To lighten what will surely be a heavy post, a quote a great 80's movie, "Teenage suicide, DON'T DO IT!" (Brownie points and kudos to you if you get the reference. If you don't, click here.)
Vanessa, Tony, & Conner meet in a very unlikely place for teens to be. They meet at Aspen Springs, a private psych hospital, because they all tried to off themselves. There are lots of other teens here just like them, but these three manage to form a sort of bond even with gender separation and so many regulations it makes their heads spin.
Their stories unfold in an alternating narrative that Hopkins uses a lot in her prose-written stories.
Vanessa is a stresser. She stresses out about lots of stuff, big and little. In order to help manage her anxiety level, she has become a habitual cutter who slices her self open to deal with her troubles. The release is so intense that Vanessa forgets to worry about crazy mother, MIA father, and the secret deed that haunts her to this day. Unfortunately, this last time she cut too deep and her misery and pain flowed out so much that she almost died. It was almost a peaceful and easy death, except that her little brother walked in. Now Vanessa has to face reality and find a new way to deal with what life throws at her.
Tony never had the stability that other kids complain about. His life was a revolving door of his mother's latest loser boyfriend. The last loser was the worst of all. He ruined Tony's sense of self and forced him down a dark path. Finally tired of selling himself to get his fix and wanting to sleep through the memories of a tumultuous childhood, he took a bottle of pills. Sadly, they didn't do the trick and now Tony must come to terms with his place in life and chose his path.
Conner just couldn't hack it with his family, the pressure of performance, and his failed love life. The push to do better and be better finally got to him when it was uncovered that "the love of his life" did not have the same feelings for him. As a last act of defiance, he blew a rather large hole in his chest. The physical hole was patched up by a top notch medical team, but Conner finds himself at Aspen Springs dealing with the emotional hole that is left behind.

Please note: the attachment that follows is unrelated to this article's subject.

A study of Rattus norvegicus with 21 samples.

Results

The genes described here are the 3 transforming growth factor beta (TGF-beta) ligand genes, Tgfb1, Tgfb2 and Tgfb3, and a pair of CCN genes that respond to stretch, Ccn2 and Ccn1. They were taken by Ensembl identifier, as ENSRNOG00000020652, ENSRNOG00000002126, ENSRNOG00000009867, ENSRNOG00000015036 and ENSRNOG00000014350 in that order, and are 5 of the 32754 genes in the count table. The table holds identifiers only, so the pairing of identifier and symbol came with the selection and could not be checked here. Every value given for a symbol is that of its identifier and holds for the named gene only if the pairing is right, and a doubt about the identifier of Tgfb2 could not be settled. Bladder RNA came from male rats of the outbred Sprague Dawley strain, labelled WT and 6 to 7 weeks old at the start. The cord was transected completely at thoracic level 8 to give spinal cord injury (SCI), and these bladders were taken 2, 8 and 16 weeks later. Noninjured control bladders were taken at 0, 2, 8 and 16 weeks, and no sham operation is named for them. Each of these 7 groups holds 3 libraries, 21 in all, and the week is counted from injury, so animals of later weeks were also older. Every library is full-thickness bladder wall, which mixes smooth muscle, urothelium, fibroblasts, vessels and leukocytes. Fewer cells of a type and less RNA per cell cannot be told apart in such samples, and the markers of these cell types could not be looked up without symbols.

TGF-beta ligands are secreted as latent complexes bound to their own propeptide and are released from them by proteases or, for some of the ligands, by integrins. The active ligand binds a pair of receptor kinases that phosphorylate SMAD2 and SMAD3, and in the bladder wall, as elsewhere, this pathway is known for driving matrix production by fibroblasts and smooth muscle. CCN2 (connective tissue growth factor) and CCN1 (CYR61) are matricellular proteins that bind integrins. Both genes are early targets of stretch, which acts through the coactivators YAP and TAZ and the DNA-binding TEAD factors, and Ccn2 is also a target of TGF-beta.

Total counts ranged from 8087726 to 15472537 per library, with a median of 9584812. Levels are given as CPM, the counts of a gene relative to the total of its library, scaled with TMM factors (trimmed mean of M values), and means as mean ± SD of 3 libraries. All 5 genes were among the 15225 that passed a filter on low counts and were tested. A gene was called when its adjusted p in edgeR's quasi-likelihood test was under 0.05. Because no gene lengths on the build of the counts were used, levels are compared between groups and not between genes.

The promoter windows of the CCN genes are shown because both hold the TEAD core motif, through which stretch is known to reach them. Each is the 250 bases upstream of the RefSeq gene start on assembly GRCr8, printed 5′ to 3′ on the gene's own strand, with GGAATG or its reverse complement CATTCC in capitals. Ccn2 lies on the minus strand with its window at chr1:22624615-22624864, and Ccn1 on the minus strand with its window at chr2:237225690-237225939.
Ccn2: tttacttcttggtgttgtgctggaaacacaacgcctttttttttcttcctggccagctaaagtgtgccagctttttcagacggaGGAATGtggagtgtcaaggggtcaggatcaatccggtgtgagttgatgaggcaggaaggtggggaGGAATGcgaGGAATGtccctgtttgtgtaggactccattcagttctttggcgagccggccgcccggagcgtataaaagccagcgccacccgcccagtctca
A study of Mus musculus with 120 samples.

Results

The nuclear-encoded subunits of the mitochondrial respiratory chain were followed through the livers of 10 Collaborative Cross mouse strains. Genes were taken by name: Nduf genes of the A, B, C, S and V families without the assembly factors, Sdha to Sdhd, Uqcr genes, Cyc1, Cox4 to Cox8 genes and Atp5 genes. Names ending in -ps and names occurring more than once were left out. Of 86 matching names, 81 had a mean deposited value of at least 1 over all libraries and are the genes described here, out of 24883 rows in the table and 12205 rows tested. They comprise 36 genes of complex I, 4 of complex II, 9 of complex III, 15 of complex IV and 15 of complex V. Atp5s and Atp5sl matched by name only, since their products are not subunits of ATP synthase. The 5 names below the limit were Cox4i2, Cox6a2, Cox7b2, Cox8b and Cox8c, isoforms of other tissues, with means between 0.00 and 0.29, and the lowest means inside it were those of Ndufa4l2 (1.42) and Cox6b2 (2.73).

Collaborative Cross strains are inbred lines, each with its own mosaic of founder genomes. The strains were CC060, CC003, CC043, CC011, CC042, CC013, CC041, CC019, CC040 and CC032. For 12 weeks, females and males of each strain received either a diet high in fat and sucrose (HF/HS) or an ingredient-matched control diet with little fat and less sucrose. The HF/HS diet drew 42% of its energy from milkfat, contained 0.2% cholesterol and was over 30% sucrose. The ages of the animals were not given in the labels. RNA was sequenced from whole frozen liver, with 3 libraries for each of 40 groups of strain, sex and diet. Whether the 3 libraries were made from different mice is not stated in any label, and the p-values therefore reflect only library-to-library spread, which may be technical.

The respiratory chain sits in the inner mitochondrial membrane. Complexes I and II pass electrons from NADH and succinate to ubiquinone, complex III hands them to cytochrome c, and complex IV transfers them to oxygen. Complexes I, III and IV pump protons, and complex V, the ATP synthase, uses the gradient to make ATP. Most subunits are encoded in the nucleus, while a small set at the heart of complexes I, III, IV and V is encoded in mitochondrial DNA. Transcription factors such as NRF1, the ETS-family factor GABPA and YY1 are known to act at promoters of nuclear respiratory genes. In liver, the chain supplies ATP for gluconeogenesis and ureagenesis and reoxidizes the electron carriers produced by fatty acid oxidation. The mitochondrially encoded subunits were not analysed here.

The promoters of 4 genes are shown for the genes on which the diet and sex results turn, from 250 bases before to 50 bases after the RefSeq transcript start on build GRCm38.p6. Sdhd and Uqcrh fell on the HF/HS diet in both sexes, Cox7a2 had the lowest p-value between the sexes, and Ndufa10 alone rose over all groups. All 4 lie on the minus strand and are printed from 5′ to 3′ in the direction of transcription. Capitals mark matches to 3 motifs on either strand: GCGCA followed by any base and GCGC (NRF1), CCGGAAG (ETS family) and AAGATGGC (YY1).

Each has their own story to tell and each struggles through their treatment. Through it all, they share a part of themselves with each other and find the courage to take the next leap; only not everyone lands safely on their feet.
Another fast-paced novel from the master craftswoman Ellen Hopkins, Impulse is aptly named. Suicide really is like an impulse that takes control and makes people want to inflict harm on themselves. Hopkins comes through with a breath-taking way of dealing with the issue and isn't afraid to let the true grit shine through. Her characters are quite diverse and represent a pretty good range of the almost 5,000 teens who commit suicide every year.* It is almost eerie to find that you as the reader might share some common attributes with these tormented characters. Vanessa, Troy, & Conner will break your heart, but will move forward with you in tow. An agonizing and harrowing read, Impulse is not for the faint of heart.
If you or someone you know is depressed or considering suicide, please call the numbers below. Remember that there are people who love you and want to help you. You are not alone and you can move forward.
National Suicide Prevention Lifeline: 1-800-273-TALK (1-800-273-8255)
Hopeline: 1-800-442-HOPE (1-800-442-4673)
There is also a listing of specific types of hotlines here. Postpartum (after a child's birth), veterans, teens and more can find specific help at those numbers.
All numbers are for the US, but the websites can point you in the right direction for international numbers as well. Be safe.